Asus cooks up 11.6-inch Eee PCs

Typical netbook form factors may be cute and compact, but trying to do actual work on a 1024×600 display can prove cumbersome. Luckily, while taking a tour of Asus’ Computex booth last week, we spotted an upcoming Eee PC with a higher-resolution, 11.6-inch display.

The Eee PC 1101HA’s display has a much comfier 1366×768 resolution, which seems to be standard on a lot of smaller 16:9 displays these days. Asus also outfits the system with an Intel Atom Z520 or Z530 processor, 1GB of DDR2 RAM, 160GB of mechanical storage, 802.11n Wi-Fi, Bluetooth 2.1, and Windows XP Home Edition.

Portability may not have suffered too much from the bigger display, either. Asus quotes 9.5 or 11 hours of longevity depending on the battery type, and it says the system weighs in at just over three pounds. That’s actually a bit lighter than some of the older 10" netbooks out there.

Comments closed
    • tygrus
    • 12 years ago

    “802.11n Wi-Fi”

    What about backwards compatibility for older b/g hotspots ?

      • UberGerbil
      • 12 years ago

      I think that’s implied. There may be an 802.11n adapter out there that doesn’t do b/g, but I haven’s seen one. (“a” on the other hand is getting pretty rare)

    • blazer_123
    • 12 years ago

    Next thing you know they will be marketing a C2D E5000 series 14.1″ “netbook” at the low price of $1000.

    • ImSpartacus
    • 12 years ago

    I’d rather have a nice 13.3-14″ CULV notebook than this. Netbooks are getting too big.

    The 768p resolution is a step in the right direction, but this thing needs some next gen Atom or an uber cheap CULV.

      • Ethyriel
      • 12 years ago

      I’d rather have my X61s, or upgrade to an X200s, but it would be nice for my mom who’s been jumping back and forth between the east and west coasts a lot recently. She just needs the convenience of being able to get online at a coffee shop, instead of waiting in line at a library, and isn’t going to be focused enough to be plugging it in all the time. Depending on the price, this might be the first netbook I feel comfortable getting her (mostly a resolution issue).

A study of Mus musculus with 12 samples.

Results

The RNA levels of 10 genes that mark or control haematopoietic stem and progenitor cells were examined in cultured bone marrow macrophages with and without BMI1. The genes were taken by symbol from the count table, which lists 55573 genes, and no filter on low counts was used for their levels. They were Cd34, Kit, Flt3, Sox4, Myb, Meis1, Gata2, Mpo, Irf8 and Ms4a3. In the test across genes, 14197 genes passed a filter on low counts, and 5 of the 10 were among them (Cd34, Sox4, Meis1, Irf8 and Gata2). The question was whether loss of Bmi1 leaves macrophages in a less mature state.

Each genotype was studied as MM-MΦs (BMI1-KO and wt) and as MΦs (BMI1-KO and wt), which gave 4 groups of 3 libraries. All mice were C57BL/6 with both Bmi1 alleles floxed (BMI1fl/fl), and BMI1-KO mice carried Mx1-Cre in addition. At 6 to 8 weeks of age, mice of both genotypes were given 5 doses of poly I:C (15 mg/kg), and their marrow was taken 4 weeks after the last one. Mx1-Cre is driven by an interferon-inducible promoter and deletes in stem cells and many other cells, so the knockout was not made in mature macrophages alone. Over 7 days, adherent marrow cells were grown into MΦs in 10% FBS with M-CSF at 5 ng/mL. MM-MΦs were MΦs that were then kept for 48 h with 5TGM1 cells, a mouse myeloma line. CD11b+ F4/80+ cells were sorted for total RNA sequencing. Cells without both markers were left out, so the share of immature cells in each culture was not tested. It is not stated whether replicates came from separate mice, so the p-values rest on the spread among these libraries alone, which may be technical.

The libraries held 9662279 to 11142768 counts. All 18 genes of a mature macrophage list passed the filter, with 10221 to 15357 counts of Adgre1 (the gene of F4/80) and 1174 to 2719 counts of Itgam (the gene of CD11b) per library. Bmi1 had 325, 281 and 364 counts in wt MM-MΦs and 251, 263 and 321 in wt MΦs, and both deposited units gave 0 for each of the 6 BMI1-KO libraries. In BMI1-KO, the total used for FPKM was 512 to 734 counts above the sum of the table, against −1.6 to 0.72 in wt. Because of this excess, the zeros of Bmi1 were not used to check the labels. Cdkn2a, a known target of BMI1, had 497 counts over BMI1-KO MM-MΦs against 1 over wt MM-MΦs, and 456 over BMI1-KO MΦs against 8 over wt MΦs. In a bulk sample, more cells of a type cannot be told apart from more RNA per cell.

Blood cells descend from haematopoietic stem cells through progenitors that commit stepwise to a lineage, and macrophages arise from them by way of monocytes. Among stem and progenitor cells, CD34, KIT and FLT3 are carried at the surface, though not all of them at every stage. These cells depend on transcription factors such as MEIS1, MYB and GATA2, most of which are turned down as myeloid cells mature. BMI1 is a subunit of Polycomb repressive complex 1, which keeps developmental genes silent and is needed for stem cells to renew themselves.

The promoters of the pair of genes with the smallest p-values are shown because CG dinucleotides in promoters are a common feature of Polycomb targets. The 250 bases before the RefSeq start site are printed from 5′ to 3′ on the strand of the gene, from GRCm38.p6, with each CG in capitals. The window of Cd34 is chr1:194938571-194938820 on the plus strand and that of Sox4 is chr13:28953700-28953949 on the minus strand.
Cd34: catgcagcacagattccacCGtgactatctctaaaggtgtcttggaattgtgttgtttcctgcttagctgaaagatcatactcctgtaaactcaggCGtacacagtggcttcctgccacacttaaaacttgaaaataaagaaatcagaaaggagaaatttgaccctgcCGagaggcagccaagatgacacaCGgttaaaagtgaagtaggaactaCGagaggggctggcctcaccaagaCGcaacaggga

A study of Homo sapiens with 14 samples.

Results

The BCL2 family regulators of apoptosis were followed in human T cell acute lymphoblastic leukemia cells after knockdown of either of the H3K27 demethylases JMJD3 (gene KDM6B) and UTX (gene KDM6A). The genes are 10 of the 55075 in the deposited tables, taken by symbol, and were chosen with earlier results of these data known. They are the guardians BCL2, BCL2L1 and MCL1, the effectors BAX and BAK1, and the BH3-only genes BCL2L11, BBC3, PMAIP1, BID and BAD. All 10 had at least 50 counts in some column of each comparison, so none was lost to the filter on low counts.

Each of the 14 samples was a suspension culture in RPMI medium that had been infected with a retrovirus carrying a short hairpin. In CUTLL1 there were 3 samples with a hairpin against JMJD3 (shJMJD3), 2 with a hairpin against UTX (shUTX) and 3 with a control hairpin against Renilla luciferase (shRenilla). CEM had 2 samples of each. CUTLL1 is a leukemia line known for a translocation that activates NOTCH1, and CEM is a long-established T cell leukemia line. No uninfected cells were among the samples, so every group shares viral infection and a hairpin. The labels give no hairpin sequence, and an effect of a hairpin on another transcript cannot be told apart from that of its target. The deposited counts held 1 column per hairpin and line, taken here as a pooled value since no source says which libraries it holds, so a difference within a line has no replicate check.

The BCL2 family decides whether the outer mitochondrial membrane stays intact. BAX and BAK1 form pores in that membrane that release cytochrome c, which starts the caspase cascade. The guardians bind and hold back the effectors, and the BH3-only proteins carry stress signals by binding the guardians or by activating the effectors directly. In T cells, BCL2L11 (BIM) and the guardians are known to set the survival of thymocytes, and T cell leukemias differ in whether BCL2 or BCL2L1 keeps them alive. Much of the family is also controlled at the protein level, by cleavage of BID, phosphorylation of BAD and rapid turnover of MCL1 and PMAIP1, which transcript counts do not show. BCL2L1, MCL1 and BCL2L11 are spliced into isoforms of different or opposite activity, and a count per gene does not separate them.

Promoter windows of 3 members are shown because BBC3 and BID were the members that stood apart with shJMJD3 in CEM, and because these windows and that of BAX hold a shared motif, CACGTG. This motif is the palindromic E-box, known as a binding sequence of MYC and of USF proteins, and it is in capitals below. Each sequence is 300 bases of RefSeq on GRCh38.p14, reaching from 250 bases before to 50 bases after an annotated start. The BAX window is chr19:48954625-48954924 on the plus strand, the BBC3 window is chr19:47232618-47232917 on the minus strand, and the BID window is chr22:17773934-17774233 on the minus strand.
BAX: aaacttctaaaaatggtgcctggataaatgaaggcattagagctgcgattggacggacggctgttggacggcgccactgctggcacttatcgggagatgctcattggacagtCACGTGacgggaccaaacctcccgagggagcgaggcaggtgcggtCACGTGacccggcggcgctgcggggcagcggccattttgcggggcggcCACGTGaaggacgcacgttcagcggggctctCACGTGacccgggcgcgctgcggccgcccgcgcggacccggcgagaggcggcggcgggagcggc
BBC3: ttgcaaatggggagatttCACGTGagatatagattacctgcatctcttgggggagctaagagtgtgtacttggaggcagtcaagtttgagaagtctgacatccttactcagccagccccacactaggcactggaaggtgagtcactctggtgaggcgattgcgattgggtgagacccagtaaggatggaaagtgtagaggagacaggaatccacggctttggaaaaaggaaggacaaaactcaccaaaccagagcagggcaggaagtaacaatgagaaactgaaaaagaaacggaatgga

With the extra board space of the 11.6″ form factor, I wonder about the feasibility of a small onboard SSD combined with the option for mechanical storage.

    • vikramsbox
    • 12 years ago

    Cooked up? More like leftovers in a new plate. Atom?! give us somehthins else guys. At least let us use and choose. Nano or Neo, there are more things there that can give the asthmatic Atom a run for its money.
    Honestly, the Atom (and the ‘cool’ chipset its bundled with) is the reason why I’ve not bought a netbook yet.

      • swaaye
      • 12 years ago

      Personally I like Atom. It’s super cool running and that’s almost all that matters in a netbook CPU cuz they are hot enough already. Gimme a chipset that runs as cool as that CPU.

      I won’t touch a VIA machine with a pole. If Nano had Atom’s power consumption, it would be awesome but it’s not even close. VIA’s chipsets suck too and are definitely not any kind of useful improvement over Intel’s retro stuff.

      My Eee900 has a Celeron M 900 that’s as fast as the Atom 1.6 though so I’m not buying anything until we have new chipsets and CPUs.

    • Farting Bob
    • 12 years ago

    I still think 10″ is where its at as a compromise between weight, portability, battery life, price, usability and keyboard size.

    • khands
    • 12 years ago

    Now if only this was $300

    • MadManOriginal
    • 12 years ago

    MSRP? Because if it’s going to be >$600 then it will be a tradeoff between battery life and performance versus CULV notebooks. I guess the choice is good.

    • KorruptioN
    • 12 years ago

    Aren’t machines with the Z-series chips limited to 1GB of RAM? I remember reading somewhere that they were…

      • MadManOriginal
      • 12 years ago

      Well, maybe, I think it’s eiter an MS limitation to use WinXP or an Intel one but this *does* has 1GB so…?

      • eitje
      • 12 years ago

      Yeah, it’s a chipset limitation, from what I recall.

      • KorruptioN
      • 12 years ago

      I think the Dell Mini 10’s have their RAM soldered onto the motherboard with no room for expansion. Pretty lame if you ask me. People say 1GB is enough for a netbook, and they’re right. But… with DDR2 as cheap as it is these days, I think going to 2GB makes so much sense.

        • hermanshermit
        • 12 years ago

        I agree totally. My Asus netbook has 2GB and probably doesn’tr need it under XP.

        However, I use 512MB as a RAM disk for browsing, temporary files etc. In day to day work, it really almost makes up for the slow internal SSD.

      • Prototyped
      • 12 years ago

      The chipset’s original datasheet indicated a 1 GiB limitation, but a specification update raised this to 2 GiB, the same as the 945GSE and 945GCLF chipsets.